Yes, You Can Make Jam from Vegetables Too
Try some carrot marmalade.
In this time of late summer produce overflow, you've probably already considered what to do with all those tomatoes, or peaches, or blueberries. If you find yourself with a lot of great produce that might otherwise go to waste, you have a few excellent options for preserving it: freezing, canning, pickling, or turning it into jam. Generally speaking, fruits tend to get turned into jam, and vegetables go the pickling route. But just because that's what folks usually do doesn't mean it's the only option. Plenty of fruits are delicious when pickled, like peaches, blueberries or watermelon rind. And many vegetables actually make really delicious jams. Yep, that's right: You can make jam from vegetables, too.
You've probably already encountered some kinds of vegetable jam, in fact. Ever try pepper jelly? That's a vegetable jam. What about a traditional mint jelly alongside some lamb? That counts, too. You can either add vegetables to a fruit jam that you're making, like this rhubarb and strawberry jam, or you can make them the star of the whole show. Many vegetables are actually quite sweet—like carrots or beets—and cooking hem down into jam makes for an unusal, delicious preserve.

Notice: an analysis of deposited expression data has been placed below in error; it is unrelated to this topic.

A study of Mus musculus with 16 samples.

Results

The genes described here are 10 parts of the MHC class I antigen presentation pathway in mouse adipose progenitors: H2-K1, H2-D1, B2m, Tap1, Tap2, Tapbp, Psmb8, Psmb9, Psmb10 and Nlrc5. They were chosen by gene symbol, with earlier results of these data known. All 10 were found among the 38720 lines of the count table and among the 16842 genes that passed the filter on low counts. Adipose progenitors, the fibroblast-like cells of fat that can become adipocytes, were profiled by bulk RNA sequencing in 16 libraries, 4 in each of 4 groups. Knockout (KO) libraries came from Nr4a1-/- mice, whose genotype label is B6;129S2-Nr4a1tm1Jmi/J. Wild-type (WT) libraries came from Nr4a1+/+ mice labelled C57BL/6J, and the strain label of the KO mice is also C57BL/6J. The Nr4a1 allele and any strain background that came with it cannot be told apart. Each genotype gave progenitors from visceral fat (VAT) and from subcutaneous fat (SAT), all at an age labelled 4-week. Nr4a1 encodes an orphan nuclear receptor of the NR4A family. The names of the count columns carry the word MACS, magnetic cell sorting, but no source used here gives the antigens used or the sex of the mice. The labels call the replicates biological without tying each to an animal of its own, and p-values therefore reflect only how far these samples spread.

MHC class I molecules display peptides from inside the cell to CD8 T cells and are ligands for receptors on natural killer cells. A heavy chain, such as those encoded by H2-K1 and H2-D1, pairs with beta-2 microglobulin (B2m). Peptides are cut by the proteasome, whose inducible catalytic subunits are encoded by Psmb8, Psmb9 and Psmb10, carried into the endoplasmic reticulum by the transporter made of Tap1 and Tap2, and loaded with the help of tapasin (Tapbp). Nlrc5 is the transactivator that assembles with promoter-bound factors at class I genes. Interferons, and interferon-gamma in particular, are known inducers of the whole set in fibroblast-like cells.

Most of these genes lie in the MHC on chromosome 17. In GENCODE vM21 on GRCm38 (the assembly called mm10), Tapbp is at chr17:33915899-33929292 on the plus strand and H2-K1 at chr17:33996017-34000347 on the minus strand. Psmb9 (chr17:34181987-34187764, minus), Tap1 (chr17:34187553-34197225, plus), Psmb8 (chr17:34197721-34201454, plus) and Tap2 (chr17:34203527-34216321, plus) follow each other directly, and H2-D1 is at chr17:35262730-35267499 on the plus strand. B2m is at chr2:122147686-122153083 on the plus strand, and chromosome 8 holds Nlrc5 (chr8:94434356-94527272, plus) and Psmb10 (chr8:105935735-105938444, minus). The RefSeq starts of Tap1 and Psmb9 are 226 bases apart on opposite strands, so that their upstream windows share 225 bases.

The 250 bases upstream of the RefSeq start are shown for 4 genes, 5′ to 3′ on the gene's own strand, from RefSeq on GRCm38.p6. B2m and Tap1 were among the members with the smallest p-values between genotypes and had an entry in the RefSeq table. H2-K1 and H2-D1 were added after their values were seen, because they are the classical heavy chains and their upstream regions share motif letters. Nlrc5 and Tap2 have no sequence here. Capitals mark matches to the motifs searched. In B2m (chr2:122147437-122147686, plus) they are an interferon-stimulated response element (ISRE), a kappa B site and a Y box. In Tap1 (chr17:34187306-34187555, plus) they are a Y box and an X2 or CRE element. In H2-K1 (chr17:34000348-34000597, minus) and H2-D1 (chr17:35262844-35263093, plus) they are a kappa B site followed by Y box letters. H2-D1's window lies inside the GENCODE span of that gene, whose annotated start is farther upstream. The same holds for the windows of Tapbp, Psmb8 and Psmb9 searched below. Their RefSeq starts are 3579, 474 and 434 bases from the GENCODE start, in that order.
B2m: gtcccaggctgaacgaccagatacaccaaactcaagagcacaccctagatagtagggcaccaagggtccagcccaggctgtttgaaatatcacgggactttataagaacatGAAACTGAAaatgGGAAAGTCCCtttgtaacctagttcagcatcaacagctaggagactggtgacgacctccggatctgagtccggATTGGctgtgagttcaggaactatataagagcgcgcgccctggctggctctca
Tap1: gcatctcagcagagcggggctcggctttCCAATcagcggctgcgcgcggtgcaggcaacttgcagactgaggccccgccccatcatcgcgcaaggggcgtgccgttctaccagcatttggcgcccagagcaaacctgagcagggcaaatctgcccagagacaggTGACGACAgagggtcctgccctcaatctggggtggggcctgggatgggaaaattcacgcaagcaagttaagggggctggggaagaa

Watch: Make This the Summer You Start Making Jam
Like making any other kind of jam, the key is cooking the produce down, and then adding in sugar and spices to achieve the flavor that you're going for. If you're just starting out, try making this Caramelized Onion Marmalade. It's basically just nudging onions a bit past the caramelized state and adding vinegar, so they collapse into delicious sweet-savory oniony preserves rather than maintain their integrity.
Tomatoes are also a great candidate for turning into jam. Tomato jam is sweet, savory, and great on burgers or biscuits. You can experiment with whatever you have on hand—zucchini, say, parsnips, or pumpkin. Heck, carrots make for an excellent carrot marmalade. Let this be the late summer and fall of vegetable jams.